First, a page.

Religion And Space

While it may seem unrelated, the fact of the matter is that the idea of space exploration is deeply rooted in the religious beliefs of people in society.

Seemingly contrary to popular belief, religious people can be the difference between being able to justify a higher or non-existent budget for space exploration or travel. There was a recent study that looked at the beliefs of religious individuals regarding the exploration of space, and the effects that this could have on the world at large.

Religion And Science – A Tenuous Relationship

There has always been a give and take when it comes to science and religion. While some religious individuals have been at the forefront of their respective sciences at some times, in others, religion has squelched researchers and even had them severely punished. When it comes to religion and space exploration, this has not always been the case. The sense of pioneering that drove the first men to the moon was not inhibited or loudly protested by religious groups of the time.

Yet, with administrations like NASA trying to spark interest in the younger generations and allow the older generation to relive that sense of wonder, they have been rather unsuccessful in their endeavor. At the University of Dayton, multiple studies from Pew Surveys were cross-referenced with other studies to gauge religious interest in exploring space. What they found was that most people who did regularly attend church and considered their church life important to them were far less likely to support space exploration as a whole.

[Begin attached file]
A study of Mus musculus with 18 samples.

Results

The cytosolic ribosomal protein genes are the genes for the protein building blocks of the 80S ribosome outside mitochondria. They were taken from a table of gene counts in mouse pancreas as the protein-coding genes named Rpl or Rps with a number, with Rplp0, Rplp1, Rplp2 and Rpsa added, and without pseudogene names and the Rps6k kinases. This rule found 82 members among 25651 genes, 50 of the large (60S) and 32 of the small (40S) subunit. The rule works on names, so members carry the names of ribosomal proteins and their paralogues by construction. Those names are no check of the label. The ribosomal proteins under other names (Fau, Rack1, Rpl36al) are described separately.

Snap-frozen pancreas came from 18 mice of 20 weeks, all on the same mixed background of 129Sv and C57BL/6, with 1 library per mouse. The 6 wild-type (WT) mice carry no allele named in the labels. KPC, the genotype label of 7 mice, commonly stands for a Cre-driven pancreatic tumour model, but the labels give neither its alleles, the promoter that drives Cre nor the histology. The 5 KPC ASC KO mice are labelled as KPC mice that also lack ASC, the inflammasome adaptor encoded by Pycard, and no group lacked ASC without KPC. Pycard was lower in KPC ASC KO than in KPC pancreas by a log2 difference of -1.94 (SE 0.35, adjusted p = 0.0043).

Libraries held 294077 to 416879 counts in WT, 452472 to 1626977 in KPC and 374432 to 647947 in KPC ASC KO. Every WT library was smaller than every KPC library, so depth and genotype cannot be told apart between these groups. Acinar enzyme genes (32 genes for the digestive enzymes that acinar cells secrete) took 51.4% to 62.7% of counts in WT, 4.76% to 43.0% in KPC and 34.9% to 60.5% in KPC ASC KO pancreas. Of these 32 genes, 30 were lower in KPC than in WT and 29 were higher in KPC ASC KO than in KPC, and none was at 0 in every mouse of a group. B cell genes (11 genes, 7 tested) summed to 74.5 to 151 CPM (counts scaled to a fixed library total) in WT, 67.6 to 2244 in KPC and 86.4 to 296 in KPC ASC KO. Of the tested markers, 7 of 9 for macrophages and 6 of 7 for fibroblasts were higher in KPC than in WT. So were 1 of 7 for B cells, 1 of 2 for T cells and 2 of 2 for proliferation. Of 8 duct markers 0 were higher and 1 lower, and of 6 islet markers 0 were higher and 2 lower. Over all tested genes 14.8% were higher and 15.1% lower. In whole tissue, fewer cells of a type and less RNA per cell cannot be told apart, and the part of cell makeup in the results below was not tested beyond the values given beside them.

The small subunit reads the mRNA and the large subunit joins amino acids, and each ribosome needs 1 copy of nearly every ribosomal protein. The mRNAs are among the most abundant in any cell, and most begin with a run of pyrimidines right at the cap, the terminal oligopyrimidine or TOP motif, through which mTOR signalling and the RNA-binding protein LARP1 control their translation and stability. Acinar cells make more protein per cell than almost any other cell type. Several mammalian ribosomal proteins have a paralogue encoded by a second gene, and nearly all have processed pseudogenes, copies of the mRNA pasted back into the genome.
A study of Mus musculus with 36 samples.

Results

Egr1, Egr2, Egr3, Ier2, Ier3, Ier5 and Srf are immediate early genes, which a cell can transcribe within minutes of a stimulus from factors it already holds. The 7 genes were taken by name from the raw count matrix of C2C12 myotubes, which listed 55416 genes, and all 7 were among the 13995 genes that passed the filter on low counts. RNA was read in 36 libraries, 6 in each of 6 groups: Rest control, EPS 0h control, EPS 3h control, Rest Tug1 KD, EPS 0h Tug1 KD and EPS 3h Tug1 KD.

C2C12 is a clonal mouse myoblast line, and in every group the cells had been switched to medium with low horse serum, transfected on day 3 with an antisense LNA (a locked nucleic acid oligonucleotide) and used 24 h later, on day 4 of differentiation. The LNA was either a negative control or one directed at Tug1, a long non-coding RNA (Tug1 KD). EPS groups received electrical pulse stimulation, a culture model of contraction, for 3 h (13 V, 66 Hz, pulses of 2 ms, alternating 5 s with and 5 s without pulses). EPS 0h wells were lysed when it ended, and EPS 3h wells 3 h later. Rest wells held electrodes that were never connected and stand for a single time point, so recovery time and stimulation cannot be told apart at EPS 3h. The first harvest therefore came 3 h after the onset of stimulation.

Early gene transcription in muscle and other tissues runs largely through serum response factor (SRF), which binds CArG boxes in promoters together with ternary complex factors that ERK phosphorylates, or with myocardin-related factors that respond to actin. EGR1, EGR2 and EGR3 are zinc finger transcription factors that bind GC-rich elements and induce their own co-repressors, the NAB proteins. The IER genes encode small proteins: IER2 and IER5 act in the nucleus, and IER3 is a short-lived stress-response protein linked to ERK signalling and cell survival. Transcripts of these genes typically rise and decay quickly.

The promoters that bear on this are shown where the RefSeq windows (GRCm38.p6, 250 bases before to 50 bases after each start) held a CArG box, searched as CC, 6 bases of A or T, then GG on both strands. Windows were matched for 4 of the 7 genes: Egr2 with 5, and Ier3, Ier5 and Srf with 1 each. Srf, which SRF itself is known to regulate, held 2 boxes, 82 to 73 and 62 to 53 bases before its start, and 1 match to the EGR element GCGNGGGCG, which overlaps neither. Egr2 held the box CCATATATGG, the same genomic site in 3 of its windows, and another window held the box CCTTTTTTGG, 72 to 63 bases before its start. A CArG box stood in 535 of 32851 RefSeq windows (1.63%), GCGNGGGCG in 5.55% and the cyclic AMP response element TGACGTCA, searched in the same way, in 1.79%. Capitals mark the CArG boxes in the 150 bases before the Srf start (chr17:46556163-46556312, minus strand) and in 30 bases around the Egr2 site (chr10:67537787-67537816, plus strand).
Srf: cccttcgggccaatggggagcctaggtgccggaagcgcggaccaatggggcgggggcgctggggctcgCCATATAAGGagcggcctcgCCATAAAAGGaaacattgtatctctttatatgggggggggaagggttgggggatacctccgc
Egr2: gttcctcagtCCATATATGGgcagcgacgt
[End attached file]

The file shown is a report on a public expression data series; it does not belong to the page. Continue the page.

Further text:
Space Exploration and Religion: the Complicating Factors

Even though the trend has shown that people who are religious have an unfavorable view of space exploration, this is complicated by the fact that many of these people tend to have an anti-government leaning. This would be a significant complication for the data, especially since some churches with leaders who favor scientific development have expressed a great amount of support for NASA and other space exploration efforts.

Another leading factor that is being viewed as a complication for determining the overall cause of lethargy in response to space exploration is the attitude of the millennial generation. According to studies and surveys, this age group is the least likely to support funding for space exploration, either due to a lack of education on the subject, or a general disinterest after years of what many view as “mediocre” advances in the field. With more studies underway to determine the validity of confounding factors, including religious aspects, there is hope that any reasons not to further our collective understanding of the universe can be dispelled and replaced with support.